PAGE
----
With an eye on improved air quality and increased demand, Pennsylvania is making the case that existing regulation allow drivers to convert their vehicles to run on natural gas.

The Pennsylvania Department of Environmental Protection (DEP) published a guidance document late last month arguing that vehicle conversion is allowed under the state’s existing emissions standards.

Federal law requires states to adopt either federal low emission vehicle standards, or the standards of the California Air Resources Board (CARB). Pennsylvania chose the CARB standards as its model when creating its Pennsylvania Clean Vehicles Program (PCVP) in 2006, but it did not address the issue of conversions.

That silence not only created some confusion among consumers interested in converting their cars and trucks to natural gas, but also allows the state some flexibility on the matter, the DEP believes.

The new guidance clarifies that the PCVP allows consumers and manufacturers to use either CARB or U.S. Environmental Protection Agency standards when converting a vehicle to run on natural gas. Although not an actual change in policy, the DEP hopes the guidance makes people more willing to convert cars and trucks.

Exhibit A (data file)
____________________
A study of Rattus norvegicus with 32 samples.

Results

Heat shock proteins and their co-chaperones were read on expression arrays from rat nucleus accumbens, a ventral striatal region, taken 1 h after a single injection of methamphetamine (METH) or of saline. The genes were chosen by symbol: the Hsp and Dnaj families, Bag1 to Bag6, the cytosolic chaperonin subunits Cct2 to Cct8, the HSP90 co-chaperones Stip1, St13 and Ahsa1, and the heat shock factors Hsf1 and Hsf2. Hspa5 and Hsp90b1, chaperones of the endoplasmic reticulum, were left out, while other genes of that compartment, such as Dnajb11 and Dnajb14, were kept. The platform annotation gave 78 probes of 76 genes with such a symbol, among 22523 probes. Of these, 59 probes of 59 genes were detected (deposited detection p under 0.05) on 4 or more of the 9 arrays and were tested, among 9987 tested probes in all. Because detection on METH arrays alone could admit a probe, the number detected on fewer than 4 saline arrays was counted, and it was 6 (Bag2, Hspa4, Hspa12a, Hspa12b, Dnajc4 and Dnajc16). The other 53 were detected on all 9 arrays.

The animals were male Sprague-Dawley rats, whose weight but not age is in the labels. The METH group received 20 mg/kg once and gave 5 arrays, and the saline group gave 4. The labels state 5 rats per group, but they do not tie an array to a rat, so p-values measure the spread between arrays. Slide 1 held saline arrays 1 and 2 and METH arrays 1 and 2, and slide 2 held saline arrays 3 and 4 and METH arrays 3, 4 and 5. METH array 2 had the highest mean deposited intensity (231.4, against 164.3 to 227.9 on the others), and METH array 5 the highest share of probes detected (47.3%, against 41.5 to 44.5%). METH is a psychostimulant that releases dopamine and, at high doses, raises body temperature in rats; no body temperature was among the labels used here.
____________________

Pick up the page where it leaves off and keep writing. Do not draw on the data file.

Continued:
The document grows from the work of the Marcellus Shale Advisory Commission (MSAC), which recommended that the state repeal a PCVP prohibition on conversions to vehicles that run on natural gas and diesel. After studying the issue, the DEP says the prohibition never actually existed, but thought the program needed clarification, spokesman Kevin Sunday told NGI.

The guidance should now allow for bi-fuel systems. “The whole of the policy is for clean alternative fuel systems,” Sunday said.

The guidance is geared toward cleaning up the air, but Pennsylvania is also eager to prevent operators from curbing natural gas production because of weak demand. That goal is hampered by budgetary shortfalls challenging other demand-boosting recommendations of MSAC, such a “Green Corridors” with natural gas filling stations dotting major highways across the state.

Both of the impact fee bills working through the Pennsylvania General Assembly would direct revenue toward converting public fleets to run on natural gas, but a larger legislative package to expand gas use is stalled in committee (see Daily GPI, April 6).

“We have these existing regulations,” Sunday said. “You’re going to want to maximize what you have on the books,” rather than wait on the potential long process of writing new laws or regulations.